World War I ended 100 years ago on Sunday.
It was a brutal war that lasted more than four years and killed an estimated 8.5 million soldiers and 13 million civilians.
It was also a war that cemented the US as a world power, rising to the level of the colonial European powers from which so many Americans and their ancestors had fled.
But the US has been embroiled in war or conflict for much of the century since the Great War ended.
And the following iconic war photos show that path.
World War I (1914-1918).
This photo was taken by Paul Popper for Getty Images. It shows British troops running out of their trenches to charge the enemy lines during the bloody Battle of the Somme. Spaces between trenches were branded „no man’s land.“
When Americans got to Europe, this is what the fighting looked like. Life in the trenches involved sharing damp, diseased quarters with dead bodies and making slow, if any progress.
The Great War between the Allied and Central Powers involved more than 30 countries. It’s estimated that 8.5 million soldiers and 13 million civilians were killed during the war.
World War II (1939-1945).
This photo was taken by Jose Rosenthal for the Associated Press. It shows US troops raising the flag on the Japanese island of Iwo Jima, one of the first pieces of Imperial Japanese territory to fall to US hands.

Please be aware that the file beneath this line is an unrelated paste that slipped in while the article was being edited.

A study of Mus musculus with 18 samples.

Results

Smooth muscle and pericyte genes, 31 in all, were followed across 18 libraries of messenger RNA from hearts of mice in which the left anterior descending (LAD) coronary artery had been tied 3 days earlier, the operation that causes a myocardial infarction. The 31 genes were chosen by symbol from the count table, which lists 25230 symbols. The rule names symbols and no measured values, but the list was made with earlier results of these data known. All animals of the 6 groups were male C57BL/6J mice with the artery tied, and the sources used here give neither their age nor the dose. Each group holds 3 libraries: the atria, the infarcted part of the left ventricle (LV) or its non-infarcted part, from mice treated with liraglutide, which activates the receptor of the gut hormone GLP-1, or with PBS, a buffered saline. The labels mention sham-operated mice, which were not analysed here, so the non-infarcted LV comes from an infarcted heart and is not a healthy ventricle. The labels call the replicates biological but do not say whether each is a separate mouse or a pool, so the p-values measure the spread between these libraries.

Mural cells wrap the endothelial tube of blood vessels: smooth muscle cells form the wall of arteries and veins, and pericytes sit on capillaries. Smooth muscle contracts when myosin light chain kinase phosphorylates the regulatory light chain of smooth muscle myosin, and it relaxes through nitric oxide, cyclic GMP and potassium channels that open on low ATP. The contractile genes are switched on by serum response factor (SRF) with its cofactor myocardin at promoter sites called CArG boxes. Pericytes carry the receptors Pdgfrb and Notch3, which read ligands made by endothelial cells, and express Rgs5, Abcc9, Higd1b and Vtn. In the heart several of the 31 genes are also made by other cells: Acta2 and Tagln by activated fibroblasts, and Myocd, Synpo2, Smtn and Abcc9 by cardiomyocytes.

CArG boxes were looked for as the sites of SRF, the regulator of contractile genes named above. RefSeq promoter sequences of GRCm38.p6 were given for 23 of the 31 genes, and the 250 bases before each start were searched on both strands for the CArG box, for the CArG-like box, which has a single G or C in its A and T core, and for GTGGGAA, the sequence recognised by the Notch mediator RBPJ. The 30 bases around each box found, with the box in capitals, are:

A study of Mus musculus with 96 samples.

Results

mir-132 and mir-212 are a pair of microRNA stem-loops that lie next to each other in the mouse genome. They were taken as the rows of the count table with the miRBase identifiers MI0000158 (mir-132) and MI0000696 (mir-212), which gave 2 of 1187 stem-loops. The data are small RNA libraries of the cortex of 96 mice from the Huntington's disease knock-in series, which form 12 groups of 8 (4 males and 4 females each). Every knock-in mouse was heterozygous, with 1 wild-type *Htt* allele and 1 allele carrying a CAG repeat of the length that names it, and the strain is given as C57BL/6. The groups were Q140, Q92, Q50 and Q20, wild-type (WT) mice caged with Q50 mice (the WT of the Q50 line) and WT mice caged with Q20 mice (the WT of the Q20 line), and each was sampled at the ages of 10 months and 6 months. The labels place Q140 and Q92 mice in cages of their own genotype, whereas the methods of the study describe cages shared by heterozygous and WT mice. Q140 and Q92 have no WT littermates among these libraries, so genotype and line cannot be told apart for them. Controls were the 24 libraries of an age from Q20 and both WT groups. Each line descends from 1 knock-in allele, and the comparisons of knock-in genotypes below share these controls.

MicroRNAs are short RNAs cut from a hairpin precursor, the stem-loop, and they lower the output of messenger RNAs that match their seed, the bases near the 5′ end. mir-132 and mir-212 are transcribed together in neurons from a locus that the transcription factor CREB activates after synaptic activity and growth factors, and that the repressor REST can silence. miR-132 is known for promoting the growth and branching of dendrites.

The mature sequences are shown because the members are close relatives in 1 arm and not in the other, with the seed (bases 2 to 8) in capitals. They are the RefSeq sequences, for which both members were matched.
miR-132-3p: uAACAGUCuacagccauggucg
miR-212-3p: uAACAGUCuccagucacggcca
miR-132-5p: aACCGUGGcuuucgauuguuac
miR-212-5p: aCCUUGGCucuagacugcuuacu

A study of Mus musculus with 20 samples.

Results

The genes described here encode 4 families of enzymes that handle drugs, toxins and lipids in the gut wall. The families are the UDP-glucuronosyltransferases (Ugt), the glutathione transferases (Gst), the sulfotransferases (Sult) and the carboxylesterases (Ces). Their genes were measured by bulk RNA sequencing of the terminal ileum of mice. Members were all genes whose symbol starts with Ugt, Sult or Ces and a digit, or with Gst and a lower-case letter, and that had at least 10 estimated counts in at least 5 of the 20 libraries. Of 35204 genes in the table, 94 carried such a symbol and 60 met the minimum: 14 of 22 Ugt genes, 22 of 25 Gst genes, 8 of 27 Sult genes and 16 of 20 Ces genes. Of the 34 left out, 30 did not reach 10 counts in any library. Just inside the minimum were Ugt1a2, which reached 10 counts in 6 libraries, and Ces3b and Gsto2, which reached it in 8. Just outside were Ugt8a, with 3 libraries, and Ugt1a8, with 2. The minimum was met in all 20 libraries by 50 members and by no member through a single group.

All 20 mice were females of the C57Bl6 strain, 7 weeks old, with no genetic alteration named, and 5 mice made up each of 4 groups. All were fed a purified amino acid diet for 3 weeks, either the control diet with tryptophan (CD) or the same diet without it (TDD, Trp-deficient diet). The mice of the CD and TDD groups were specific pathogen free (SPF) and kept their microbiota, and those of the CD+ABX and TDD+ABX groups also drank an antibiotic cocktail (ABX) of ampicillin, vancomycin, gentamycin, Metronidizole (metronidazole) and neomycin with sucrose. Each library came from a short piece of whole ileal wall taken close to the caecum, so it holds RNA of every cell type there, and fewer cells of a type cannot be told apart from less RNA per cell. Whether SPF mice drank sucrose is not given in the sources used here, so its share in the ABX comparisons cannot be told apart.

Fifty years after the picture was taken, the Associated Press wrote that it may be the world’s most widely reproduced.
But half of the six soldiers depicted died — among 6,821 Americans — on the very same island they claimed: Franklin Sousley, Michael Strank, and Harlon Block.
The Second World War between the Allied and Axis Powers killed approximately 40 to 50 million people, making it the deadliest war in history.
Korean War (1950-1953).
This photo was taken by R.V. Spencer for Getty Images. It shows a Korean girl carrying her brother past a stalled M-26 tank in 1951.
The Korean War began in June 1950 when North Korea, backed by the Soviet Union and China, invaded South Korea, which was backed by the US.
The fighting lasted until 1953, and was devastating to the local population, with approximately 1.6 million civilian casualties on both sides. The war, however, is still technically ongoing, as there was never a peace treaty.